Sounder

    by William H. Armstrong and James Barkley

    School Library Journal

    Beautiful writing, moving storytelling: the death of a devoted dog and his black master in the rural 19th-century South leaves the man's son a hard but hopeful legacy of stoicism, resilience, and self-independence.

    Sounder is a 1970 Newbery Medalist and an ALA Notable Children's Book.

    Ages 9-12 $5.99

    Sounder

    by William H. Armstrong

    A compelling story of a boy's tenacity for life in a black sharecropper's family. "An uplifting tale of courage, human dignity, and love...Simple, timeless, and extraordinarily moving."—Commonwealth

    $4.17 You save: 30%
    Paperback Book | Grades 5-7
6-8

Lexile Framework:
900L

Grade Level Equivalent:
4.9

Guided Reading Level:
T

Age:
11-13

Genre:
Classics, Historical Fiction, Realistic Fiction, Animal Stories

Subject:
African American, Death, Grief, Loss, Parents, Adolescent Issues, Homelessness and Poverty, Tolerance and Acceptance

About This Book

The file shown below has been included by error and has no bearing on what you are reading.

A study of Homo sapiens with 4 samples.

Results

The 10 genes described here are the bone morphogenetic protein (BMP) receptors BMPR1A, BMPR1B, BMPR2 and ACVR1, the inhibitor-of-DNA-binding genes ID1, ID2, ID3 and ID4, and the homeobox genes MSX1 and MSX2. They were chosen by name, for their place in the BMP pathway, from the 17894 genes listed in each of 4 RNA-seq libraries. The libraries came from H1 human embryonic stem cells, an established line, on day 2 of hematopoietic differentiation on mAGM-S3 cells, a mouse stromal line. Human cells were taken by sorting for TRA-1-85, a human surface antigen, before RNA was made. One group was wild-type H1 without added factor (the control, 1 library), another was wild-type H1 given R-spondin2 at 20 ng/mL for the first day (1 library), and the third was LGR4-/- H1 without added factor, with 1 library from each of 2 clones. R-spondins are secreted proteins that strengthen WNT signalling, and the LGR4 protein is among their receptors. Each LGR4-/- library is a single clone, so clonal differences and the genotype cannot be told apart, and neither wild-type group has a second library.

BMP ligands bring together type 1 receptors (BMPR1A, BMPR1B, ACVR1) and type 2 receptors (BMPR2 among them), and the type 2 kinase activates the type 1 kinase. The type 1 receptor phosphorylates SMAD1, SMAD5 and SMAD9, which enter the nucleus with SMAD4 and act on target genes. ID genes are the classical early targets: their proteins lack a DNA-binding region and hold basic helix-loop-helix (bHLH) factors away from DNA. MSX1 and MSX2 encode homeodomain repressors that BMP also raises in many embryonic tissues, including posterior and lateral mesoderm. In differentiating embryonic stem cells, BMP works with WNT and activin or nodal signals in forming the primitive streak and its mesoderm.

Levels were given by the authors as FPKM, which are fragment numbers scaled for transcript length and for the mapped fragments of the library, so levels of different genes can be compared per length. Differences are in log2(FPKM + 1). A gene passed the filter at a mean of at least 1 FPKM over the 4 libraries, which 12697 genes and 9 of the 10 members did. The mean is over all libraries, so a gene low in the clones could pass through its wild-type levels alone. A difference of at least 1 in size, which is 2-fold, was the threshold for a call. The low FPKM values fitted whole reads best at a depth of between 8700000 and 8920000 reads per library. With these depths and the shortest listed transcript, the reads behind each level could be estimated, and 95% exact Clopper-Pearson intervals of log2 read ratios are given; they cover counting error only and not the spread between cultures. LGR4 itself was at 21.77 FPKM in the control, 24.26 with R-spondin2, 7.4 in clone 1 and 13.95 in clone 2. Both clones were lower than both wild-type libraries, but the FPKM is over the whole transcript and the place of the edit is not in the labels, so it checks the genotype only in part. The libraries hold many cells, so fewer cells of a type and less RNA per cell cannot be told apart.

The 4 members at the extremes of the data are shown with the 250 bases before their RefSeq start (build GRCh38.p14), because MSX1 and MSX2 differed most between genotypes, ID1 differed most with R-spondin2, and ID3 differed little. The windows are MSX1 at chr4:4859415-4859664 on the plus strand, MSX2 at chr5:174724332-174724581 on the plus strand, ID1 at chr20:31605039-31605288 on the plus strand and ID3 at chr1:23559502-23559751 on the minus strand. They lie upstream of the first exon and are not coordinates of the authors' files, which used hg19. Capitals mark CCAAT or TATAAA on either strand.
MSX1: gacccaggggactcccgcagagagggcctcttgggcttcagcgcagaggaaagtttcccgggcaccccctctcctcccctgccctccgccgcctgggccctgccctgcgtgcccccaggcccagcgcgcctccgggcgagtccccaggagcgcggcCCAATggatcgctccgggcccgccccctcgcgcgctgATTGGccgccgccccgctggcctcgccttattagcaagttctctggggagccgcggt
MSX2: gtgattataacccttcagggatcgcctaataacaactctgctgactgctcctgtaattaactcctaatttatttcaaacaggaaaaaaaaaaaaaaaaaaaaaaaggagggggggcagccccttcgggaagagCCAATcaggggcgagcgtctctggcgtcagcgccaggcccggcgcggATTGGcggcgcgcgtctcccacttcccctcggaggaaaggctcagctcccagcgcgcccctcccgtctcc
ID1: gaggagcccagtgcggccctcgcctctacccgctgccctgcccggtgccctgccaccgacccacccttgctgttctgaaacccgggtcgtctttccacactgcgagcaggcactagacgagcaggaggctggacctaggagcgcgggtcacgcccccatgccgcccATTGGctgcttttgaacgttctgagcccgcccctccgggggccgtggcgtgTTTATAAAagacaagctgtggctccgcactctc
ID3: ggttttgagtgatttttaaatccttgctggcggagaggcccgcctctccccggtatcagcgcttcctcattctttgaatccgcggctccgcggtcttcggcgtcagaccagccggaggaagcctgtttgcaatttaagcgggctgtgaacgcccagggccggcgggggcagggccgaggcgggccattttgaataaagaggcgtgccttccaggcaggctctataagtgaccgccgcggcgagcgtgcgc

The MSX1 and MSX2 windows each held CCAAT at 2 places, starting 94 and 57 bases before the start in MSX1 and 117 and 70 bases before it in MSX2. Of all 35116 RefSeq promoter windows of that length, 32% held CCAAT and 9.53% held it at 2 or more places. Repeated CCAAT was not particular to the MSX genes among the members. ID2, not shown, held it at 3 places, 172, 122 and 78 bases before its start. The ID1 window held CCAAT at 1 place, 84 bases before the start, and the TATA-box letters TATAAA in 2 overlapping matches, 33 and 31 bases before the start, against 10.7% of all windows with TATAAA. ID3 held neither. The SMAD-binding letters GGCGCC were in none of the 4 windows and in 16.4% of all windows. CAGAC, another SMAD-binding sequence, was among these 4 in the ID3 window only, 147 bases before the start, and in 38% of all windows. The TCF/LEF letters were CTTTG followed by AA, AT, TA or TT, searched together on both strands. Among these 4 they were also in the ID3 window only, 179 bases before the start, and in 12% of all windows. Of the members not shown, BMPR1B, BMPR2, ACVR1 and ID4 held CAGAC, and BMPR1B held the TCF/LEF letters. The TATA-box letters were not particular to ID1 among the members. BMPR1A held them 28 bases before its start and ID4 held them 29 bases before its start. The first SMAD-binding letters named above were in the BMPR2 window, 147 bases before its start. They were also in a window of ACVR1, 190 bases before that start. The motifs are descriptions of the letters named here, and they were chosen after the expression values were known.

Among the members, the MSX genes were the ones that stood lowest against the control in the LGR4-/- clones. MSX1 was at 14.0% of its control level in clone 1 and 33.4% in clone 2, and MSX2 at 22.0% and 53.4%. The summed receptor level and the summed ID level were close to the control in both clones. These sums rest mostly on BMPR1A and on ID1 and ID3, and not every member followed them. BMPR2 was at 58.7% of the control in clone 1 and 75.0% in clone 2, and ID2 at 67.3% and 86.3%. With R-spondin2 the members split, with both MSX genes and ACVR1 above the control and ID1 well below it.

Winner of the Newbery Medal and an acknowledged landmark in children's literature, Sounder traces the keen sorrow and abiding faith of a poor African-American boy in the 19th-century South. The boy's father is a sharecropper, struggling to feed his family in hard times. Night after night, he and his great coon dog, Sounder, return to the cabin empty-handed. Then, one day, he succeeds in bringing something home. Unfortunately, the joy is short-lived: an angry sheriff and his deputies come and take the boy's father away to jail for stealing a hog. Sounder, shot in the fracas, disappears.

Angry and humiliated, the boy has no choice but to begin a difficult transition to adulthood. He learns to read, and with that skill comes the beginning of greater understanding. Sounder eventually returns — emaciated, battered, but still devoted — and so does the boy's hope. Though nothing can change the hard realities of the past, he gradually finds the courage he needs to rely on his own resources and walk bravely toward the future.

As resonant now as when it was first written, Armstrong's powerful, beautifully told story will strike a chord with readers and stay with them for years to come.